By Orville Higgins
It was not unexpected, but still really satisfying, that the West Indies managed to lift the ICC T20 World Cup crown. T20 cricket is made for the crop we now have. The game calls for exactly what we are good at: explosive hitting, breathtaking fielding, and steady, if not penetrative, bowling over a short time.
It's not so much a lack of skill, more the inability to execute that skill over long periods consistently, that truly ails us in Test cricket. With Twenty20 cricket, sustained periods of applying the mind to the business at hand is not always required, and therefore we are always going to feel more at home in this short, action-packed version of the game.
Maybe it's a West Indian thing. The Caribbean now produces the world's best from 100 to the quarter-mile, but we can't compete with the world in any distance above 400 metres.
It was interesting, even ironic, that arguably our two best performers, in Chris Gayle and Marlon Samuels, had 'served time' away from the game: one for speaking out against a shambolic administration that is yet to come to grips with modern management; and the other for a bizarre ruling that defied logic. These two, who the 'builders' had refused, were, in many ways, our head cornerstone.
Professor Hilary Beckles had told us not so long after his 'Gayle is a don' speech that the young cricketers in the region still idolised the old stars and didn't see contemporary players like Chris Gayle or Marlon Samuels as their role models. (Why he chose those two names is still a mystery.) We have had to take Professor Beckles' word for it, having not heard from the youngsters themselves, but it's tempting to wonder what the same youngsters would be saying now.
NARINE QUITE A FIND
While Chris and Marlon were brilliant, Sunil Narine was also truly sensational. For the first time since Lance Gibbs half a century ago, the West Indies have found a spinner who can stand in any company, anywhere. He took seven wickets in the tournament at a miserly cost of 5.70. His unflustered temperament is ideal for the game, and he may well turn out to be the most important bowling find for the West Indies since Curtly Ambrose in the late 1980s.
Both André Russell and Fidel Edwards were disappointing with the ball, and certainly in Fidel's case, it should now be obvious that we need to look elsewhere for new-ball bowlers.
Captain Darren Sammy has been much maligned, and his place on the team continues to be a talking point. In Test cricket, Sammy's spot on the team is no longer automatic. His performance with the ball in the five-day game this year has been woeful. In the limited-overs version, though, he remains a must-pick.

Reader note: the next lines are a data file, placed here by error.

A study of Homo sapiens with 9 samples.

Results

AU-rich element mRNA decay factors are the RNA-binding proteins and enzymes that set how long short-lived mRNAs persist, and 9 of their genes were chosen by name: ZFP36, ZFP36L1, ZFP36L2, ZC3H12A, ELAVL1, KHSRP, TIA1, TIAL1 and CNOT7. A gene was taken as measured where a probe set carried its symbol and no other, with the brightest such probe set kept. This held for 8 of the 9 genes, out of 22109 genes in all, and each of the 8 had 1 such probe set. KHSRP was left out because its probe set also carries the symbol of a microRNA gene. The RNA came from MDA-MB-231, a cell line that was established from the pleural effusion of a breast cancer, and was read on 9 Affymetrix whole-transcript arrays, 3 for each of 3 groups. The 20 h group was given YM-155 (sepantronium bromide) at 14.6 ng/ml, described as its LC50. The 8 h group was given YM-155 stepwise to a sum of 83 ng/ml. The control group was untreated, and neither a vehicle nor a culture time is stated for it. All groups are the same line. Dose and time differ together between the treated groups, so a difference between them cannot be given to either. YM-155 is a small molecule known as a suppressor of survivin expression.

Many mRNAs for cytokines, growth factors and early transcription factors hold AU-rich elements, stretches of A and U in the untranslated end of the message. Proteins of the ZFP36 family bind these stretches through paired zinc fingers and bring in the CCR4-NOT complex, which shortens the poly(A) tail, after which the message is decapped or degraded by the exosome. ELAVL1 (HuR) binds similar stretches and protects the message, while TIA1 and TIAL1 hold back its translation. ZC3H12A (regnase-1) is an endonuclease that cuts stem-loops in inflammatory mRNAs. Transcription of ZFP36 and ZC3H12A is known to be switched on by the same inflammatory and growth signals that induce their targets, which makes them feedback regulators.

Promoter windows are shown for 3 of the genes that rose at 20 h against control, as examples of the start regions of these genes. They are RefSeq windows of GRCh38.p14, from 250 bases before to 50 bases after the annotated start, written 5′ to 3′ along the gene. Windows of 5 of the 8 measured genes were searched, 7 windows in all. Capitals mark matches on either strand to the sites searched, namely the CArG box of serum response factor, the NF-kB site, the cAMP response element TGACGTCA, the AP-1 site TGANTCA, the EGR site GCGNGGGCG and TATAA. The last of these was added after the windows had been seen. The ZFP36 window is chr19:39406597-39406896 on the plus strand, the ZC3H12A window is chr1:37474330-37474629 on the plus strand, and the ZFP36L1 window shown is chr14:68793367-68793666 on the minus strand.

In this tournament, Sammy's importance has been underrated. Sammy finished with an average of 18 per innings, and was the fifth best in terms of average in the team. It doesn't sound like a lot, but it was better than what Russell, Darren Bravo, Kieron Pollard, Dwayne Smith or Denesh Ramdin could muster, although to be fair, some of those didn't have a lot of opportunities.
With the ball, Sammy took four wickets at 7.71 per over. His economy rate was better than that of Ravi Rampaul, Gayle, Edwards, Samuels and Dwayne Bravo. The truth is that in the limited-overs version, Sammy is more than useful with bat, ball, and in the field, and when one considers what he brings to the team as a leader, his importance cannot be overstated.
Frank Worrell is regarded as our best captain ever, in many quarters, primarily because of his ability to bring together his troops to work together as one cohesive unit. Sammy is no Worrell, but it could be argued that very few West Indies captains in modern times have managed to be so effective at infusing the team with so much West Indianness, and it has been a long while since the West Indies appeared to be playing with this kind of spirit and passion.
Sunday's victory was as much about our cricket abilities in the short game as it is a triumph for Sammy and his beleaguered troops. This may well be the catalyst that drives this changing team to new and distant heights.
KLAS sportscaster Orville Higgins is the 2011 winner of the Hugh Crosskill/Raymond Sharpe Award for Sports Reporting. Email feedback to firstname.lastname@example.org.